Normally, when I write a restaurant review, I try to avoid indulging in blow-by-blow course descriptions, poor adjectives and Architectural Digest-style décor treatises, a feat I like to call the “Pat Bruno.” Instead, I try to look for the story behind the restaurant, personal memoir spurred by dining at the establishment or a cultural context in which to put the food. But I was so appalled by the experience and the food at YATS Cajun-Creole Cuisine, a new Chicago location of a popular quick-service Indianapolis-based restaurant, I’m having a hard time avoiding a hyperbolic damning diatribe. Eating there last week was the worst dining experience—and that includes trips to the now-shuttered Bennigans—of my career as a food writer.
The story is that Joe Vuskovich was a wunderkind restaurateur, operating two spots in New Orleans by the time he was 19. He parlayed that success into a spice wholesale business, eventually going back to the restaurant game with YATS. The name, though it sounds more like what I wanted to do (yack) after eating there, actually comes from his self-described status as a “yat.” On his MySpace page, Vuskovich says that “yats” are a particular breed of New Orleanians that “talk in their own language, have their own schedules they follow separate from the world and eat their own particular style of food. The common greeting ‘Where y’at?’ is where they get their name.”
After Vuskovich opened YATS in Indianapolis, a local magazine dubbed it the “city’s best Louisiana comfort food” and the New York Times calling the fare “excellent.” Unfortunately, the hubris of such accolades spurred Vuskovich to open a new location on one of Chicago’s best restaurant strips. Based on my first visit though, I doubt even if he opened in one of our many food deserts he’d have much luck.
If the New York Times sends someone to cover the new Randolph location, the YATS folks better hope they send their poorest indiscriminate college intern. The space painted in a pukey Tequila-Sunrise-orange with its new leather banquettes sloppily dripped with said paint, dingy Indy 500 checker-flag-style floor covered with institutional runner mats, glass chandeliers and retro concert posters is pretty much straight-up frat-house as imagined by an interior designer who has had far too many Hurricanes or Hand Grenade cocktails on Bourbon Street. If YATS represents any part of New Orleans, it’s the tourist-fueled “beads and boobs” aesthetic of the central French Quarter. It says a lot when the most tasteful or interesting thing in the joint is a vintage Liberace concert poster.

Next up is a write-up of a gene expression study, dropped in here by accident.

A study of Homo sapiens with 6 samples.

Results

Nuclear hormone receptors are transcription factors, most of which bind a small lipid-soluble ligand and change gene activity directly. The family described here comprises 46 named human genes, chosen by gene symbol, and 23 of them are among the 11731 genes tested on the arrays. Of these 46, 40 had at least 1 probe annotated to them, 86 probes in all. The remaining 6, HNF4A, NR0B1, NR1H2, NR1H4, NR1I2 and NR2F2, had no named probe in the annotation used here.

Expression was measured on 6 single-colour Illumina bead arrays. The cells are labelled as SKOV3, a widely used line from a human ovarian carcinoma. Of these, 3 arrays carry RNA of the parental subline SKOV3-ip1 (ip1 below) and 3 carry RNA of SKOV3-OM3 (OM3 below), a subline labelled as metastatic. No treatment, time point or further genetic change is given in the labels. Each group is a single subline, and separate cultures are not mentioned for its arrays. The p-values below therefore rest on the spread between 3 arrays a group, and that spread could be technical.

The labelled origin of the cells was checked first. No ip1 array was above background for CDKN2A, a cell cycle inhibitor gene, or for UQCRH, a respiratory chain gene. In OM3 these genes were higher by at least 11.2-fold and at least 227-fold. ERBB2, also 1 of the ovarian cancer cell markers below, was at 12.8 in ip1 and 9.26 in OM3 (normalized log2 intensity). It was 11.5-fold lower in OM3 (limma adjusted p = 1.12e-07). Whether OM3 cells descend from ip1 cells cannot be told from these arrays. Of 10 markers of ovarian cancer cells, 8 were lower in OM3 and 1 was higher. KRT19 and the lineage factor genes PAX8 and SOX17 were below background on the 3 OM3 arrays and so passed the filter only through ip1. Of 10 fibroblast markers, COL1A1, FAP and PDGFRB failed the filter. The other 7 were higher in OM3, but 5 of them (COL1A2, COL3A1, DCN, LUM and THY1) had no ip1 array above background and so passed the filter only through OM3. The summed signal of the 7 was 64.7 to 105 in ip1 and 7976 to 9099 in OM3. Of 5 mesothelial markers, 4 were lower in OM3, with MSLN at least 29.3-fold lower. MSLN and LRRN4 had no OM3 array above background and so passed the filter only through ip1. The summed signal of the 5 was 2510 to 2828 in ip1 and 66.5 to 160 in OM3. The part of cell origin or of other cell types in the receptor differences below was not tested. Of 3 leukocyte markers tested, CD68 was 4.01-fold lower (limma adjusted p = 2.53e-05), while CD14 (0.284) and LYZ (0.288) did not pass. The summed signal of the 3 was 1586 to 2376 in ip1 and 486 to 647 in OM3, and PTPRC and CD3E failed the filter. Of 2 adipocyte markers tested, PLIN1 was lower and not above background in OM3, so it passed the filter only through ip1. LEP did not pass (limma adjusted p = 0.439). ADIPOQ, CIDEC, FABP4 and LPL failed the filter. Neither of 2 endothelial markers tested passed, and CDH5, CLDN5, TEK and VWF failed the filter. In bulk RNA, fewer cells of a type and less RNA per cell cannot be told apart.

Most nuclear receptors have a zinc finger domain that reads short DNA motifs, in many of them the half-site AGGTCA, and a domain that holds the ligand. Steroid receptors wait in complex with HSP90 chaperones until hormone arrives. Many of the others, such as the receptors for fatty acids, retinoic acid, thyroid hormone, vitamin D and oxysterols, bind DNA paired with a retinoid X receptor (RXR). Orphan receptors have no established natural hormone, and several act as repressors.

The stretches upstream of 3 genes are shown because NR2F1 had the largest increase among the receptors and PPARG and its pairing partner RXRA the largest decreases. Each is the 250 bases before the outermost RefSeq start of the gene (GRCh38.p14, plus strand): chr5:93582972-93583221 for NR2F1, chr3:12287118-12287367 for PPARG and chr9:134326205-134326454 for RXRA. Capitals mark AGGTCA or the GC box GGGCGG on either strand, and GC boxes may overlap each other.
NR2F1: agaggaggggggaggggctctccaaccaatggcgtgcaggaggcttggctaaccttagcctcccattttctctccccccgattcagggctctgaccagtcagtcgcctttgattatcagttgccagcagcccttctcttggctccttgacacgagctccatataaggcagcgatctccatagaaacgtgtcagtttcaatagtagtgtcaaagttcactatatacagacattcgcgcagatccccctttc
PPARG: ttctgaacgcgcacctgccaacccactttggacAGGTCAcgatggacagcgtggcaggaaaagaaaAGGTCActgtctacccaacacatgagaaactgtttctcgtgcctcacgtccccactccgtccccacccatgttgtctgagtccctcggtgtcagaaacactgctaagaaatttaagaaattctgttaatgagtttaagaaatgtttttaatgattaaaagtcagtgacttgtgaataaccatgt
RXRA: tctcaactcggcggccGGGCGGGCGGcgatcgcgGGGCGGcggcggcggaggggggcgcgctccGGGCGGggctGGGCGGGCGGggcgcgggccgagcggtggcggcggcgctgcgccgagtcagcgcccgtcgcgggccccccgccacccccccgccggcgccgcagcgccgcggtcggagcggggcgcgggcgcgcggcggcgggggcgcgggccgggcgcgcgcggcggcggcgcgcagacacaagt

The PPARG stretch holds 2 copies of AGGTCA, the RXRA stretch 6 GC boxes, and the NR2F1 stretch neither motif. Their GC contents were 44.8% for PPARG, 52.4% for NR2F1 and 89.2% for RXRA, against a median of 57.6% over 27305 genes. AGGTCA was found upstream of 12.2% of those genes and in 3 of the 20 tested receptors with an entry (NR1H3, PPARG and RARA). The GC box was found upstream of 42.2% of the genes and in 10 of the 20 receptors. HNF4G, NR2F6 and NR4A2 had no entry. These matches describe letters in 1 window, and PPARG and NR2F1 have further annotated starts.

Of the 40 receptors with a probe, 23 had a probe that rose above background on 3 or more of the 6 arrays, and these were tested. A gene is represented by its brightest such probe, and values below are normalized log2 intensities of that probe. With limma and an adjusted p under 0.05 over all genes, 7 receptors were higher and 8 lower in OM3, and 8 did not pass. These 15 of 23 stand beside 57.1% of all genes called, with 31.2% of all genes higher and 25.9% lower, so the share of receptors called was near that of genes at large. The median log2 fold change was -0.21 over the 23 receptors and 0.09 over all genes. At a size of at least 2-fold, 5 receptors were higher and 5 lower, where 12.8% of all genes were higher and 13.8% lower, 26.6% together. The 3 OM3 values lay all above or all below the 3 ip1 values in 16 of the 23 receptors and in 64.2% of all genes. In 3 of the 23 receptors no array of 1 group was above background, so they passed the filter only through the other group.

Culturally speaking, YATS is truly unique in that unless you count the Cheesecake Factory, Chicago has never really had a pan-Latino-Cajun-Creole-cheesecake restaurant. But, as anyone who’s ever ordered the chop suey from the last page of a “War and Peace”-sized menu at a “family” restaurant knows, “pan” anything is almost always a recipe for pan-horrible. While YATS does keep their menu limited to nine daily specials, it’s a confused assortment that includes Cuban-style ropa vieja, Mexican pozole and a Creole, Cajun and Frito Lay hybrid known as chili-cheese crawfish etouffee. It seems the only real criteria for making it on to the menu is the ability for a dish to withstand hours moldering away inside a slow-cooker.
In fact, I’m guessing, outside of the YATS “kitchen,” there hasn’t been this many slow cookers gathered in one spot since a 1950s cocktail party fueled with Swedish meatballs. After you place your order, a dude, who in a pre-Netflix world would more likely be manning the local Blockbuster video counter, scoops out oozy mountains of whatever you requested from the cooker onto oval plates along with a bit of rice. He tops those starchy masses with French bread that looks like it’s been slopped Jackson Pollock-style with the neon orange oil drippings from the grease trap of a Buffalo Wild Wings. Frozen Pepperidge Farm Texas Toast never looked and tasted so good.
The peanut-butter-colored chili-cheese crawfish etouffee was runny, gamy, sour and punctuated by flavorless chewy crawfish tails. Though the spice level was admirable, the jambalaya was punctuated with desiccated andouille sausage, and the rice was so gloppy, were you to hurl a spoonful at a passing car, you’d likely break its windshield. The pozole was perfumed with the one-note limey essence of hominy pounded in to split-hulled submission by the relentless heat of the slow cooker. The ropa vieja did include tender shards of chicken, but they were slathered with a horrid metallic tomato essence. I’d tell you about the dessert, but since the NY and Turtle cheesecakes they offer aren’t quite Cajun specialties, we skipped them. You’d expect a bourbon pudding or a bananas foster cheesecake variation at least. It’s not all bad news though, because YATS is BYOB (at least for now), so you can afford to drink enough to forget the meal you just ate.
YATS is located at 955 West Randolph, (312)829-7930.